How To Get Running Services In Powershell

Getting running services in PowerShell is a useful skill for managing and troubleshooting your system. As a passionate runner and tech enthusiast, I find the command-line interface of PowerShell to be a powerful tool for managing various aspects of my computer. In this article, I will guide you through the process of obtaining information about running services in PowerShell, providing you with the knowledge to navigate and control your system efficiently.

Introduction to PowerShell

PowerShell is a command-line shell and scripting language developed by Microsoft primarily for system administration and automation tasks. It is built on the .NET framework and provides a comprehensive set of tools and commands to manage Windows-based systems. With PowerShell, you can perform various tasks, such as managing processes, files, and services, all through a command-line interface.

Why Do You Need to Get Running Services?

Knowing the running services on your system is crucial for monitoring and troubleshooting. Services are background processes that run independently of user interaction and play a significant role in the functionality of your computer. By obtaining information about running services, you can identify any issues or conflicts, start or stop specific services, and ensure the smooth operation of your system.

Getting List of Running Services

To retrieve a list of running services in PowerShell, you can use the Get-Service cmdlet. Open PowerShell by searching for it in the Start menu or by pressing Win + X and selecting “Windows PowerShell” or “Windows PowerShell (Admin)” if you need administrative privileges.

Once the PowerShell window opens, you can enter the following command:


This command will list all the services running on your system. The output provides valuable information about each service, including the name, display name, and the current status (running, stopped, or paused).

Filtering the List of Services

If you want to narrow down the list and focus only on specific services, you can use the Where-Object cmdlet along with a filter. For example, to filter the list and display only the running services, you can use the following command:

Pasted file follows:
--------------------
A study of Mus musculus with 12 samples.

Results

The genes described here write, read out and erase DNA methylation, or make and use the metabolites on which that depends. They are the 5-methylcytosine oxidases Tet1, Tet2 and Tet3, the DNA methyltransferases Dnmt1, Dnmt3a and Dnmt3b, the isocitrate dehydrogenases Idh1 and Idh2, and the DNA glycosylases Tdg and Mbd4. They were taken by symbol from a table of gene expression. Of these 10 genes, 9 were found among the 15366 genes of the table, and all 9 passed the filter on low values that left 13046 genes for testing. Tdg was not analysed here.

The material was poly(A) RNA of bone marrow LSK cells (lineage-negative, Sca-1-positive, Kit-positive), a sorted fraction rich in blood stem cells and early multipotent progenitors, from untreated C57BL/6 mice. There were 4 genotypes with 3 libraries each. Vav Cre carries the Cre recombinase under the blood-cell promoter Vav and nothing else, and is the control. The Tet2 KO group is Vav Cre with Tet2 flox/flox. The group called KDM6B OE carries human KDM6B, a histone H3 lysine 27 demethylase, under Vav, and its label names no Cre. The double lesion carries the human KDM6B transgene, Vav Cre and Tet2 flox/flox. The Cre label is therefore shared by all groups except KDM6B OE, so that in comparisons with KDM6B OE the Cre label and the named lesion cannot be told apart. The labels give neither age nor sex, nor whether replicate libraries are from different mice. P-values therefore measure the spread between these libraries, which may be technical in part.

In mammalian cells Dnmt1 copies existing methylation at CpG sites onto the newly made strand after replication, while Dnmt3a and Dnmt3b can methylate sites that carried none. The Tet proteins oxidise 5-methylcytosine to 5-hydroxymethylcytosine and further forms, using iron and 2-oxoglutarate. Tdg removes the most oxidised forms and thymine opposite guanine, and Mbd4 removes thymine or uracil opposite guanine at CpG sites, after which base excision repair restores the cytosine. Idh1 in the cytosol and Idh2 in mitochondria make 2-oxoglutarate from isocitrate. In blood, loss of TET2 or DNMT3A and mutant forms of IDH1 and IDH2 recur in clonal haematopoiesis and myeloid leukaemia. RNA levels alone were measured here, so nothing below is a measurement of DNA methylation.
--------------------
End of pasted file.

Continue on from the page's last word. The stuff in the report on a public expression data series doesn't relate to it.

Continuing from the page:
Get-Service | Where-Object { $_.Status -eq "Running" }

This command uses a pipeline to pass the output of Get-Service to Where-Object and applies a filter based on the service status. In this case, only services with the status “Running” will be displayed.

Starting and Stopping Services

In addition to obtaining information about running services, PowerShell allows you to start or stop services directly from the command line. To start a service, you can use the Start-Service cmdlet, followed by the service name. For example, to start the “Print Spooler” service, you can use the following command:

Start-Service -Name "Spooler"

If successful, the command will start the specified service, and you can verify its status using the Get-Service command.

Similarly, to stop a service, you can use the Stop-Service cmdlet, followed by the service name. For example, to stop the “Windows Update” service, you can use the following command:

Stop-Service -Name "wuauserv"

Be cautious when starting or stopping services, as some services are critical for the proper functioning of your system. Make sure you understand the consequences and implications before making any changes.


Being able to retrieve information about running services in PowerShell is a valuable skill for system administrators and tech enthusiasts alike. Whether you need to troubleshoot issues, monitor service status, or make changes to your system configuration, PowerShell provides a powerful and flexible platform to manage your computer efficiently. Remember to exercise caution when interacting with services, as any changes can affect the stability and functionality of your system.